Chris Layton

If you have an ongoing personal injury lawsuit, or a potential personal injury lawsuit, you must disclose it when filing your bankruptcy. This does not mean you will lose the personal injury awards in bankruptcy. If your injury occurs after filing your bankruptcy, generally the lawsuit and any award you may receive from it are exempted from the bankruptcy estate and the proceeds are yours to keep.

Compensation and Filing of Bankruptcy

Compensation Received Prior To Filing—If you’ve received compensation for your personal injury prior to filing your bankruptcy, your compensation is part of the bankruptcy estate and must be disclosed. Your bankruptcy attorney may be able to exempt or protect some or all of the compensation.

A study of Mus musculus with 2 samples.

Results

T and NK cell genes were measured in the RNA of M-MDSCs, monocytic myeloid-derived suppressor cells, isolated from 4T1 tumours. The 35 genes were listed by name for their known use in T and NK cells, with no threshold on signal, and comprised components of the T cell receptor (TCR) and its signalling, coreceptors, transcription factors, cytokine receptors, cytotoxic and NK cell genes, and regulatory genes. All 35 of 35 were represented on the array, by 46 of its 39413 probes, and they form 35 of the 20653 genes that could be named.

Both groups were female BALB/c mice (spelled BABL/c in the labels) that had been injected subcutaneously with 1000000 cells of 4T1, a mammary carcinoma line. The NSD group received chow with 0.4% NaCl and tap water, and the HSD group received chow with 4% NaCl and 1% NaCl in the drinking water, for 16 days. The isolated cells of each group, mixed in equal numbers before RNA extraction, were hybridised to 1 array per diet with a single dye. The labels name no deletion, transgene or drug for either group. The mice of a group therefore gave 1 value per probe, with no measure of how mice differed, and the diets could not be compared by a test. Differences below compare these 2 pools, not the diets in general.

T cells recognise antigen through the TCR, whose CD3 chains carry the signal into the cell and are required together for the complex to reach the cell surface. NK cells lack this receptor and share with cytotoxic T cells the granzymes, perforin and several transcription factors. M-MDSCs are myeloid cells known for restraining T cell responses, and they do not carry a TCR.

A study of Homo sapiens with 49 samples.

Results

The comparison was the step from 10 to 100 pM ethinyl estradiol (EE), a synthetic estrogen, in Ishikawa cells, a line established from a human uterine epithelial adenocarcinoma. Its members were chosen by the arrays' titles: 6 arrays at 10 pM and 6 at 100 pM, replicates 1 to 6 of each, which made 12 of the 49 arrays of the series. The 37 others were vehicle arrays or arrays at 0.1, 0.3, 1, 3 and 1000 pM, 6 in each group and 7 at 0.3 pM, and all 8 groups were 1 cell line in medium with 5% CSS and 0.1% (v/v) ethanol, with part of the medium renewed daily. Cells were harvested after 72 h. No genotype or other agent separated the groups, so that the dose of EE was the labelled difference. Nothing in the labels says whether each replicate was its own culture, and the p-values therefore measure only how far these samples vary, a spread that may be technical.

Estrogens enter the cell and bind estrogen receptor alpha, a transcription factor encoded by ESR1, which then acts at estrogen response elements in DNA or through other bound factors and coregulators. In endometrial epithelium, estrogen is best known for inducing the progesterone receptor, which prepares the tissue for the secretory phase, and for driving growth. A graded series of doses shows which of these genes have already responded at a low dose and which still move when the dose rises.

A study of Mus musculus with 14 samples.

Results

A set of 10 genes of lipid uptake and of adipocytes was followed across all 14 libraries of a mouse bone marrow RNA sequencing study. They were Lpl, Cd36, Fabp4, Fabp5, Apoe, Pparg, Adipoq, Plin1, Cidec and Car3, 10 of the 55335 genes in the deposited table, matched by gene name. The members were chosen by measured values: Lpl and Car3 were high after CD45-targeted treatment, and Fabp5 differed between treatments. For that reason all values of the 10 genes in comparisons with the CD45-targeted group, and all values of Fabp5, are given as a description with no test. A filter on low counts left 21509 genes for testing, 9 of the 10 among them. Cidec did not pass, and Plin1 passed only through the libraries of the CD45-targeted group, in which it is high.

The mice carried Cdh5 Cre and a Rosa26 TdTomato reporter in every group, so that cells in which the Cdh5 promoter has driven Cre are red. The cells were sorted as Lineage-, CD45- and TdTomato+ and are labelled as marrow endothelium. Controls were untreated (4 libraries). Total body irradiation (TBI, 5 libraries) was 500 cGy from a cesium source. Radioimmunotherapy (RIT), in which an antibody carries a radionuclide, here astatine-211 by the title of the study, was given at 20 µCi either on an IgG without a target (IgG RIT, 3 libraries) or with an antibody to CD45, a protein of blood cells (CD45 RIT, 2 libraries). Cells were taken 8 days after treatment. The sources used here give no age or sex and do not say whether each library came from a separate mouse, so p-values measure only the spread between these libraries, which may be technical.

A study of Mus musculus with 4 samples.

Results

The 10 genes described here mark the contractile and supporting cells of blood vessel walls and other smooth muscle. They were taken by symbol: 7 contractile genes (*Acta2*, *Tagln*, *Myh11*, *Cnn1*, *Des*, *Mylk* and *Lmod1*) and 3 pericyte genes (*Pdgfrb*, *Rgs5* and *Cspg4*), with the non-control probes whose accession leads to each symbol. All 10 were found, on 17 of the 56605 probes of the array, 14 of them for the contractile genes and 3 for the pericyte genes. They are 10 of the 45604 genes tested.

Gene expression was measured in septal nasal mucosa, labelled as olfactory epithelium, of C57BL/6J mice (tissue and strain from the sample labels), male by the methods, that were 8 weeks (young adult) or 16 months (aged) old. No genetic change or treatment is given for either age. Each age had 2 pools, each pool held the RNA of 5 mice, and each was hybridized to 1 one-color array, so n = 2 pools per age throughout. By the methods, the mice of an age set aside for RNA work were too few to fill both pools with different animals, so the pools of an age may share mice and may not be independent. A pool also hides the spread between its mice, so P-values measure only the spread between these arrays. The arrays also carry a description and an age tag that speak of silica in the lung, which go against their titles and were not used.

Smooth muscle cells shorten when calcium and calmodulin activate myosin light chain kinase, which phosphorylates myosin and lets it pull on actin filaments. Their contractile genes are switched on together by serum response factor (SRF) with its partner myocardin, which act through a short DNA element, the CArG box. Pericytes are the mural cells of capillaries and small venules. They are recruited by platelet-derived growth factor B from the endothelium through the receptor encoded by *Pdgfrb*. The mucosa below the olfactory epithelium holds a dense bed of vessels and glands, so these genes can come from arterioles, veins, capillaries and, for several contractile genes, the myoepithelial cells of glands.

Compensation Received After Filing—You must disclose the existence of the personal injury claim or potential claim when filing your bankruptcy. Depending upon the facts, likelihood of recovery, and ability to value the claim, the Trustee will then make a determination as to whether to pursue the claim on your behalf, work with your existing personal injury attorney, or abandon the claim from the estate altogether.

Disclosure Is Key

In any case, if your injury took place prior to the filing of the bankruptcy, you must either disclose the compensation you have received, or in the alternative, disclose the potential for compensation. This puts the Trustee on notice and keeps you in compliance with the federal rules of bankruptcy. You’ll work with your bankruptcy attorney when filing your petition, and when preparing to discuss the claim with the Trustee.

If you have any questions about bankruptcy or personal injury awards in bankruptcy, please feel free to call me at 704.749.7747.